Last year’s Super Bowl drew 115.1 million viewers, making it the most-watched U.S. telecast in history. But 2024’s big game may bring in even bigger numbers.
New Morning Consult data shows that 73% of U.S. adults said they will likely watch the big game — which takes place on February 11th at Allegiant Stadium in Las Vegas, Nevada between the Kansas City Chiefs and the San Francisco 49ers — bringing this metric to its highest-ever level since we began tracking in 2021.
The outsized enthusiasm for Super Bowl LVIII appears to be universal: Almost every major demographic saw bumps in expected viewership over 2023.
Super Bowl LVIII is hot
Interest in the Super Bowl has been on an upswing in recent years as the NFL continues to recover from the reputational hit it took amid national anthem protests by players in 2017 and 2018, but the X-factor at play in 2024 is undoubtedly the potential presence of now 14-time Grammy winner Taylor Swift, who counts more than half of all U.S. adults as fans.
Americans’ Interest In the Super Bowl Is On the Rise
Those fans are eagerly waiting to see if Swift will make it back to Las Vegas in time to support her boyfriend, Travis Kelce of the Kansas City Chiefs, after her “Eras Tour” stint in Tokyo wraps up the day prior. Previous Morning Consult research found that Swift’s fandom — arguably one of the most intense and galvanizing social forces in the U.S. at the moment — skews largely young and female, corresponding with the groups that saw the biggest year-over-year increases in Super Bowl interest.
That said, young womens’ attraction to football goes beyond just this moment. Our Brand Intelligence data shows that the NFL has been gaining popularity with Gen Z and millennial women at a rapid clip post-2020.
And beyond that, the Super Bowl’s broader rise in popularity is also evidence that the league’s recent marketing offensive may be working. The effort boasts many legs — all aimed at propping up the NFL’s cultural relevance — including atypical collaborations with fashion and beauty brands, an annual slate of international games played in increasingly exotic locations, and an embracing of Gen Z content creators at league events. Less tactically, the NFL has also enjoyed a recent boom of young, eccentric coaches (whose antics seem tailor-made for social media virality) and a burgeoning interest in athlete WAG (an acronym for “wives and girlfriends”) content among the very-online community.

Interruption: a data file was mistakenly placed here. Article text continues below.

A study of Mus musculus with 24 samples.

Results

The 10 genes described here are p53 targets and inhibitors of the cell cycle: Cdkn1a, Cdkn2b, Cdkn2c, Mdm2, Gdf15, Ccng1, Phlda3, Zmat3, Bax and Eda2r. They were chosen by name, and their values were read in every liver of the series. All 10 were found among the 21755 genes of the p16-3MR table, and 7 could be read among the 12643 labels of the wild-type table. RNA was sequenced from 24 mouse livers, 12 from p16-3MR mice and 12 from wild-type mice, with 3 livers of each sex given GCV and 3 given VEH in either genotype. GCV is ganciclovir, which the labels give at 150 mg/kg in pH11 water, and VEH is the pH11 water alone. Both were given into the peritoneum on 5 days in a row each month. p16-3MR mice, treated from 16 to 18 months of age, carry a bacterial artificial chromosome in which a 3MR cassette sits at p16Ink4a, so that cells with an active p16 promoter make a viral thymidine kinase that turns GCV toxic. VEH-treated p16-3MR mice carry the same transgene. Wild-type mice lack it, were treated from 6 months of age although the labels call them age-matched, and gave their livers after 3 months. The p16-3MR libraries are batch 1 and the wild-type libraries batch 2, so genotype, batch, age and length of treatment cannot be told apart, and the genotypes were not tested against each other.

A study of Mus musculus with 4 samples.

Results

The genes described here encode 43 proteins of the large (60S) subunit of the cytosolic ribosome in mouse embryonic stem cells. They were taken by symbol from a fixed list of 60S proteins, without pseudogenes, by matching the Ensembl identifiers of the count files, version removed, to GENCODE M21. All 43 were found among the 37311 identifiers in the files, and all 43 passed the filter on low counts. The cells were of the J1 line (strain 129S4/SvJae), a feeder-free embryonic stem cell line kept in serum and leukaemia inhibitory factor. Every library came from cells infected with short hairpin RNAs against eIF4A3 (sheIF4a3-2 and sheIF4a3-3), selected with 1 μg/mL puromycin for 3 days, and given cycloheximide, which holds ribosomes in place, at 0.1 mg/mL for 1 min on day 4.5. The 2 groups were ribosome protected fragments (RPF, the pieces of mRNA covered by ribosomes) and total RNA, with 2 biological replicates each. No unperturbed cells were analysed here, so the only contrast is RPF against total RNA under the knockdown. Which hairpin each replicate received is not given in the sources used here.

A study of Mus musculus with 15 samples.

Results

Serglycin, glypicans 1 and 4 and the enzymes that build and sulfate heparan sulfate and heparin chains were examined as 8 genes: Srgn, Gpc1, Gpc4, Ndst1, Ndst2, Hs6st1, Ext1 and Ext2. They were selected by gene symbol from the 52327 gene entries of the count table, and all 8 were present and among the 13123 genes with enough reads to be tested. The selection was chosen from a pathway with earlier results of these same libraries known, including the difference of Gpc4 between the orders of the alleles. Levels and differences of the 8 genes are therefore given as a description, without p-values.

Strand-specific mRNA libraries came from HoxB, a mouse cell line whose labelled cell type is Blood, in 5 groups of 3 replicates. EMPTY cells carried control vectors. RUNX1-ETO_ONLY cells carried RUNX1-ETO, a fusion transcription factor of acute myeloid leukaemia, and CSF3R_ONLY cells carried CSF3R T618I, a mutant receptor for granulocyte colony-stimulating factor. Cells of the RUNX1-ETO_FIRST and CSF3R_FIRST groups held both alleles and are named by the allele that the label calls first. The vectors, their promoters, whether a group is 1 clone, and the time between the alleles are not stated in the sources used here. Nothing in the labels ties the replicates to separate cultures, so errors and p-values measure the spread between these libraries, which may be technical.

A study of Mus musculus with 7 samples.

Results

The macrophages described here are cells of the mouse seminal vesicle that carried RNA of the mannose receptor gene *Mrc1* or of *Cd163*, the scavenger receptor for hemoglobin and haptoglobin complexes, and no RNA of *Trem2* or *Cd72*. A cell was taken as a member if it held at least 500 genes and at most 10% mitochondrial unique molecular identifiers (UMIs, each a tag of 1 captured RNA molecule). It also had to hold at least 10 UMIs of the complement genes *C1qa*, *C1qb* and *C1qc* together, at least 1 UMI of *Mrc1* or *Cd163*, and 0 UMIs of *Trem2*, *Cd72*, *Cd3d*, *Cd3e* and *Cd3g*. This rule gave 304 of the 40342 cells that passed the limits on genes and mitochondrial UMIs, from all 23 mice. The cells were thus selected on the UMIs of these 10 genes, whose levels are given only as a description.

It’s all great news for the NFL, which, like so many of its competitors, constantly grapples with engaging diverse audiences. Of course, it’s also great news for the league’s advertising and broadcast partners. CBS, Super Bowl LVIII’s host network, sold out its ad inventory back in November, with a 30-second spot reportedly going for as much as $7 million.
Engagement with Super Bowl ads is high
Though Morning Consult’s annual pre-Super Bowl surveys consistently find that commercials are not a primary driver of likely viewership, the sheer scale of the event still makes participation worthwhile for most major brands.
At a time when media channels are growing increasingly fragmented, the Super Bowl offers advertisers access to the largest, most unified and, crucially, most engaged audience of American consumers: Approximately two-thirds (66%) of likely watchers said that they will pay attention to ads during Super Bowl LVIII, an impressively high figure that holds steady each year.
A Majority of U.S. Adults Pay Attention To Super Bowl Commercials
Men are historically more likely than women to report that they’ll engage with Super Bowl ads, though this could be changing soon. In recent years, many female-forward brands have taken notice of women’s growing affinity for the NFL and moved to involve themselves in the big game.
E.l.f Cosmetics is returning to the Super Bowl in 2024, this time with its first-ever national ad buy; Temu, the Chinese online shopping platform, is back for the second year in a row as well. Meanwhile, NYX Professional Makeup and Etsy are making their respective Super Bowl debuts, and Unilever’s Dove will air a 30-second spot for the first time in almost two decades.
It’s a marked shift for the institution of Super Bowl advertising, which has long been dominated by companies operating in more traditionally masculine consumption categories, like beer and automotive. And all of those commitments were made prior to Taylor Swift’s tie to the game was cemented, reflecting the beginnings of a broader shift in the kind of audiences brands are seeking.
Since the Kansas City Chiefs won the AFC Championship on Jan. 28, brands across nearly every vertical have scrambled to create additional content around the pop star’s possible appearance in Las Vegas, eager to connect with consumers over what feels like the first near-monocultural moment of the social media era.
As with most things Swift-related, this impact transcends the confines of the internet. Fans are already prepping elaborate Taylor Swift-themed Super Bowl parties and purchasing new outfits to don at them. Some have even scored tickets to the game itself.
Ultimately, the Super Bowl remains the highest-visibility moment in American advertising — a fact made truer than ever this year as Swift’s NFL association has firmly embedded the league and its happenings in broader popular culture. The phenomenon also speaks, once again, to the power of women consumers. When they get attached to a brand, product or experience, they will invest in it, make it their own and, through that process, elevate its cultural cachet.